Following the invasion of the U.S.S.R. and the entry into the war of the U.S.A. on the British side, German strategy in the West changed from the offensive to the defensive. Hitler agreed to the construction of a fortified line along the western coastline, capable of repulsing any Allied attempt of invasion. Construction work of the Atlantic Wall began in early 1942.
From June 1940 the Germans, wishing to invade Great Britain, contented themselves with coastal defences between Calais and Boulogne. However, from December 1941 they adopted an exclusively defensive strategy, perceiving the danger emerging from the West.
The construction of the Atlantic Wall began in March 1942 around the major ports and in the French region of Nord-Pas-De-Calais with the building of submarine bases, batteries, garrison bunkers and radar stations. Marshal Von Rundstedt, commanding the western German ground forces, had to defend almost 5,000 km of coast. The target of 15,000 concrete structures, including 10,000 between the rivers Scheldt (Escaut in French) and Loire, was far from being completed and by the end of 1943 only 8,000 structures had seen the light of day.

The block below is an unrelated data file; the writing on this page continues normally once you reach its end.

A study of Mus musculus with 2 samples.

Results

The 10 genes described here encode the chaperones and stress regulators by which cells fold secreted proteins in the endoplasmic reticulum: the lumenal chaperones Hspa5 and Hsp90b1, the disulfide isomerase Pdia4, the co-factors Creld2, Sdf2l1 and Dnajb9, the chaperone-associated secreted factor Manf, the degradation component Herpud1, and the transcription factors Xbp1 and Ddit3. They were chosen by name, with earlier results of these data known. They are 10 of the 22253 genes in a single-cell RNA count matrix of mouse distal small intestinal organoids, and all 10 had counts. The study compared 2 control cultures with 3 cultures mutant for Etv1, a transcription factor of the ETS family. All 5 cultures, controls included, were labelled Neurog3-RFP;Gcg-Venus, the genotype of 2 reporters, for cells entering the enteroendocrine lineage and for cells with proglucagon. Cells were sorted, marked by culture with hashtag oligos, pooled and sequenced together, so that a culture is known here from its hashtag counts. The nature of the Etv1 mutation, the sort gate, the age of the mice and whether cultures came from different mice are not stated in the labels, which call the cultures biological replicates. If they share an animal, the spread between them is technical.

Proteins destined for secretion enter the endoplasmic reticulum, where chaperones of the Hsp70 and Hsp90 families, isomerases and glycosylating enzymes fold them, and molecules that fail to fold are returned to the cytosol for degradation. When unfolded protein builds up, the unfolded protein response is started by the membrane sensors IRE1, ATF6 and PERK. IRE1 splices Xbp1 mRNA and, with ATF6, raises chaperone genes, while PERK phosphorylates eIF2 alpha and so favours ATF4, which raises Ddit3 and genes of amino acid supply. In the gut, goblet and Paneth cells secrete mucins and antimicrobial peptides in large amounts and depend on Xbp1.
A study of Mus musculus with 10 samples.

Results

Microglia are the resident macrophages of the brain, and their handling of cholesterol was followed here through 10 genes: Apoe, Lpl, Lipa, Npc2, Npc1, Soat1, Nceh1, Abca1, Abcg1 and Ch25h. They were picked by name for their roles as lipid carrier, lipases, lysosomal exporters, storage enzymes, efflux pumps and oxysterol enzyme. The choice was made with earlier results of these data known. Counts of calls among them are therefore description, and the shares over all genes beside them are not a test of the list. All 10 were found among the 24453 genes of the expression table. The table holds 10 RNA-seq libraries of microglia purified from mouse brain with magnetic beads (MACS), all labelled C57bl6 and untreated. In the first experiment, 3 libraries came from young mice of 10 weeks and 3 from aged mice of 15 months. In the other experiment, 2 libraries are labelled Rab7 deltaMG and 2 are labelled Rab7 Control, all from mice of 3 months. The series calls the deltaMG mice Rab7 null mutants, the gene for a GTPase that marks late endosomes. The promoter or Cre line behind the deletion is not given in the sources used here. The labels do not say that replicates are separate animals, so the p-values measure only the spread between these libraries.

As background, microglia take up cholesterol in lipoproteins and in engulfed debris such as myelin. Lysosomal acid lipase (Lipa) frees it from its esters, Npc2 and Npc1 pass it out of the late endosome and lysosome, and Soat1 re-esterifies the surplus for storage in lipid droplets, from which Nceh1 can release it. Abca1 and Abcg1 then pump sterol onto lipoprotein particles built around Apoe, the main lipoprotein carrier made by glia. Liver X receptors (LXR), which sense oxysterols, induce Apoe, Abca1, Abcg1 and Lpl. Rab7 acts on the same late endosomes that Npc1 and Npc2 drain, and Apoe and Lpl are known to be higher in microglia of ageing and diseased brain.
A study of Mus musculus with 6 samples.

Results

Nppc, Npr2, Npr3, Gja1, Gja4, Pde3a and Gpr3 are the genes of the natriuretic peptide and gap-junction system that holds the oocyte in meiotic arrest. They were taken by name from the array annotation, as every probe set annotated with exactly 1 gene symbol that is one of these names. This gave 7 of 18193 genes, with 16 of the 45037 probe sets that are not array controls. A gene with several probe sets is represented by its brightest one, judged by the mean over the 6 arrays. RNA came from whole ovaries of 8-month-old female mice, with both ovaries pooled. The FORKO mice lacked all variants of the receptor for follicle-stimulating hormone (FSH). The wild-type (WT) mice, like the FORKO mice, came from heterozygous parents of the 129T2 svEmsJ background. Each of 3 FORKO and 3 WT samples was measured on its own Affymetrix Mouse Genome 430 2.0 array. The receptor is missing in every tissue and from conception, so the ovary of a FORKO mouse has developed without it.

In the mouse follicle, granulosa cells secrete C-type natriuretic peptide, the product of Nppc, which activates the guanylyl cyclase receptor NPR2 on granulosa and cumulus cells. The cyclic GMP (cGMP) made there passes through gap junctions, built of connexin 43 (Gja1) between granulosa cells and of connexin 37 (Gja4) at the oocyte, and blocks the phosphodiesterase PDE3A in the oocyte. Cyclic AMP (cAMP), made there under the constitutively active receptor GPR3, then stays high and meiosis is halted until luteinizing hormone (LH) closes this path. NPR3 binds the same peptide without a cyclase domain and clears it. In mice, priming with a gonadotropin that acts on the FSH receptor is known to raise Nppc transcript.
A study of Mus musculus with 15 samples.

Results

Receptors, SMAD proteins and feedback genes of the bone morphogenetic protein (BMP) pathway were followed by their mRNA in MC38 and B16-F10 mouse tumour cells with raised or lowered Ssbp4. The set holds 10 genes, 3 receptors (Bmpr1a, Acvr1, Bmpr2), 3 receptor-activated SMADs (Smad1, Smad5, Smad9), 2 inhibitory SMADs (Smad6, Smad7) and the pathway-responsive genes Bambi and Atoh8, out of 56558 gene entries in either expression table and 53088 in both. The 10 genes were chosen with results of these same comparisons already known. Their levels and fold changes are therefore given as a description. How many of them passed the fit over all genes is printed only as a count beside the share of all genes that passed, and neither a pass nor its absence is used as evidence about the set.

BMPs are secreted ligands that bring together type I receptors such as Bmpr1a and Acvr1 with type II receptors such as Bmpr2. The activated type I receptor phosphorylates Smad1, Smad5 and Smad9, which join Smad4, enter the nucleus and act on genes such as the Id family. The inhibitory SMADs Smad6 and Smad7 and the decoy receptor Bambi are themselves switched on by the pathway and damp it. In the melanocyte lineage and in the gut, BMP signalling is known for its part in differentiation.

In January 1944, Rommel was tasked with inspecting the Wall along the French coast and quickly discovered the system’s faults. In just a few months he had more than 4,000 structures and 500,000 assorted obstacles built on the beaches and in the interior zones. The work was carried out under the auspices of the Todt Organisation, but was of unequal quality; the submarine bases were the best fortified. Before June 1944, 2,000 structures, 200,000 obstacles and 2 million mines were installed along the beaches and inland Normandy. On the eve of D-Day 23 German batteries were operational, even if some were not entirely completed. Among these, the batteries of Saint-Marcouf, La Pointe du Hoc, Longues-sur-mer and Merville presented real obstacles to the Allied forces.